Friday, 8 June 2012

Small steps towards a better world

It looks like New Zealand will implement a local version of MatchingDonors The Kidney Exchange as part of a push to improve organ donation and transplant figures. They'll also invest in training specialised ICU nurses to talk with families about donation options.

All of this is for the good. Live kidney transplants are pretty safe; living donors sharing a liver lobe also have pretty good outcomes [discussed here]. But few people would be willing to give a kidney or a liver lobe even to a friend given the reasonably large time commitment involved: frequent flights to Auckland for consultations, recovery time post-op. Compensation to living donors is pretty limited. So Matching Donors, which helps route around donor compatibility issues and increase the potential for altruistic donations, can make a big difference.

Israel experienced a big increase in transplant rates when they paired a Matching Donors system with compensation to living donors - expenses plus up to 40 days' lost wages. New Zealand could improve outcomes further here by making it less costly for donors to give organs.

We could do even better by considering things like Israel's priority law, which complements a binding organ donor registry with priority access to organs for those willing to be organ donors. Or, by requiring that transplant surgeons respect the wishes of members of LifeSharers: organ donors who prefer that first call on their organs goes to other organ donors.

We don't have to go all the way to complete markets in organs to improve outcomes. I'm glad New Zealand's taking a step in the right direction. Other useful steps:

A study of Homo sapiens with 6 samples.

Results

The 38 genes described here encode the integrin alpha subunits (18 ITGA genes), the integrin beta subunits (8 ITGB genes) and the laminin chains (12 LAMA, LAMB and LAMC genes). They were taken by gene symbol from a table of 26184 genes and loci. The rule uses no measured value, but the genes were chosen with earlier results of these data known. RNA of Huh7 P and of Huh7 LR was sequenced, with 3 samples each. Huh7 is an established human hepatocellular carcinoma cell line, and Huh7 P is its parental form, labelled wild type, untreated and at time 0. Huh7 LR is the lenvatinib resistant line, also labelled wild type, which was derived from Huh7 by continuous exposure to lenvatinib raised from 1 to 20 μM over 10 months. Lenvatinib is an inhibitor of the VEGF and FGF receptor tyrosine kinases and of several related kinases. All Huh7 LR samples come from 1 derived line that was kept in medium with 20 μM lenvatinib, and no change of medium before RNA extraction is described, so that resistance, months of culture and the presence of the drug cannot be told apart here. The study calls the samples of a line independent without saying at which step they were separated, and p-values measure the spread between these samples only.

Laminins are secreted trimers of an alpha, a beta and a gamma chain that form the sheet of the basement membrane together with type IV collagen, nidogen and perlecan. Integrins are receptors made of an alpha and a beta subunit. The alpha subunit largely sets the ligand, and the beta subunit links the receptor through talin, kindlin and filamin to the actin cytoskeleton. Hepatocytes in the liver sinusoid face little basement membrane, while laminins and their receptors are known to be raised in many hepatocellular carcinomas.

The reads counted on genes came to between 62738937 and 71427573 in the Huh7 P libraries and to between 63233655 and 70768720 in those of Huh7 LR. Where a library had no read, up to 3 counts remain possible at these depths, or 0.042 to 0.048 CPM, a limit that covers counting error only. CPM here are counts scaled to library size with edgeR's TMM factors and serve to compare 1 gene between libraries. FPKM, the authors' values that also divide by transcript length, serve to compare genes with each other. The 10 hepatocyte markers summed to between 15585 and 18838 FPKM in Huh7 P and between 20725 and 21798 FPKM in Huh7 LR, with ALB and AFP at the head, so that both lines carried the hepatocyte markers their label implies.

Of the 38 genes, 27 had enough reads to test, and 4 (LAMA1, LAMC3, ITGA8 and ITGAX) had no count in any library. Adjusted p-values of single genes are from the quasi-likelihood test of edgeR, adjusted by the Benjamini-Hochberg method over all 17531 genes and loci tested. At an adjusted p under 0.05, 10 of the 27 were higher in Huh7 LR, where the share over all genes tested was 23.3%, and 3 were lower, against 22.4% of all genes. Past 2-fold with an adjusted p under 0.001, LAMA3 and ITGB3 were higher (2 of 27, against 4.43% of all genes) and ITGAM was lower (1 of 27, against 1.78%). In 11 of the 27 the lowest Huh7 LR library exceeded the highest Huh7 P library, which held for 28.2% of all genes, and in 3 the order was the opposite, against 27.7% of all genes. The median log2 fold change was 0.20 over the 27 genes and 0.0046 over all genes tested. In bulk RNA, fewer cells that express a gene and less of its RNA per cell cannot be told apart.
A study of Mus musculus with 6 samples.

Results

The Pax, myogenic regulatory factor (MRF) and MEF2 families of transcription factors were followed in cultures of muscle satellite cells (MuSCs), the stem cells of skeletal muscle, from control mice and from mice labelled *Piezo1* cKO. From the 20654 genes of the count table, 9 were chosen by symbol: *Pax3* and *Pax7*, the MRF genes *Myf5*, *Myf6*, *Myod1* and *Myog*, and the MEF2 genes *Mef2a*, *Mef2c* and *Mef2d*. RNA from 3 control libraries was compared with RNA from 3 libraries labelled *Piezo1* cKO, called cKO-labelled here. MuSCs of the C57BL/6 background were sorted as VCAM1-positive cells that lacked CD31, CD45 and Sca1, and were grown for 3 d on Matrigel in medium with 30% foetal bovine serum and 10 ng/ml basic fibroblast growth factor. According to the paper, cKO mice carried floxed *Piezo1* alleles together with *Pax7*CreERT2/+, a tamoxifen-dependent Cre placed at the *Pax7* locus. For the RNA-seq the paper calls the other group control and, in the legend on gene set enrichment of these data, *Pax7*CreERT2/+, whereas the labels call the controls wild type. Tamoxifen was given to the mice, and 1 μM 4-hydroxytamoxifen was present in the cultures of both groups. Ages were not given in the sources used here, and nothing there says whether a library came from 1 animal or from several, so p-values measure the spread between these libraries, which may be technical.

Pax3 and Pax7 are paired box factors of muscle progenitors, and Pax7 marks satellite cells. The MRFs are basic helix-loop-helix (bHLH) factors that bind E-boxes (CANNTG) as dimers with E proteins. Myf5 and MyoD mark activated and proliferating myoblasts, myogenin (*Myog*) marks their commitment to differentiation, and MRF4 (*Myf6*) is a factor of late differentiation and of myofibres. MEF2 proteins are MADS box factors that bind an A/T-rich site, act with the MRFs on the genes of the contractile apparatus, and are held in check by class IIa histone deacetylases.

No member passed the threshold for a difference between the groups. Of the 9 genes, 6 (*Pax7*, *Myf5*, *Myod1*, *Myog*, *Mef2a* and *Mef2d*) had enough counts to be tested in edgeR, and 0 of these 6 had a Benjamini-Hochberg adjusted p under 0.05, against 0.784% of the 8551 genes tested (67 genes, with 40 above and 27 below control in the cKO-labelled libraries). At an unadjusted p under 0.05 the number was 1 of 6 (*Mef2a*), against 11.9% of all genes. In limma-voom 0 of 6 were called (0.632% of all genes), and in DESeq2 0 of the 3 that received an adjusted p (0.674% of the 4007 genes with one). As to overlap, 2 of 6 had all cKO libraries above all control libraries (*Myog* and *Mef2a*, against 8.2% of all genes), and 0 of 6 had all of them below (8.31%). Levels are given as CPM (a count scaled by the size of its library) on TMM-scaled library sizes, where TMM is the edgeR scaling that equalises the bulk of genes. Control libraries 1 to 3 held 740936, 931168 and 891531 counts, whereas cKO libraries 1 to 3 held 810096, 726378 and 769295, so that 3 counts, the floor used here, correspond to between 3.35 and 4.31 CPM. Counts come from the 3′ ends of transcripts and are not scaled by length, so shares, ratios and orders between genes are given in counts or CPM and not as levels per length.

My prior posts on organ donation are on the "Organ markets" tag; some of them are linked above.


  1. If I had any need for a will, I'd include a provision that my organs should be sold for $1 each. Should any sale be legally prevented, I would request that that organs in question be harvested and burned in front of desperate potential transplant patients. (I'll have to make sure I'm not accused of having unsound mind, though). If that is also prevented, I would donate a large sum of money to fund a negative ad campaign against the incumbent Minister of Health.

    1. Read Lloyd Cohen's declaration.

  2. Good to see this article in the news and now you posting on it :)

    Excellent news to hear that things are taking a step forward finally instead of backwards/no where.

    Good on this health minister.

    I also mentioned this to the ethics lecturer who was glad to see this change to.


  3. Also has a certain tv add been mentioned to a certain health minster?

    Might be a bit more appreciated now

    1. That, I don't know; you'd have to ask Andy.

  4. Are you talking of my organ donor ad Erik?
    I haven't mentioned it to him recently but now you mention it I may email it to him again. The ad was paid for by Peter (Sir) Jackson. I offered it for free to the MOH but they turned it down.

  5. Indeed Andy.

    I guess that was a different health minster? In 2007 it would have been the labour parties health minister?

    Or at a later date you offered it again?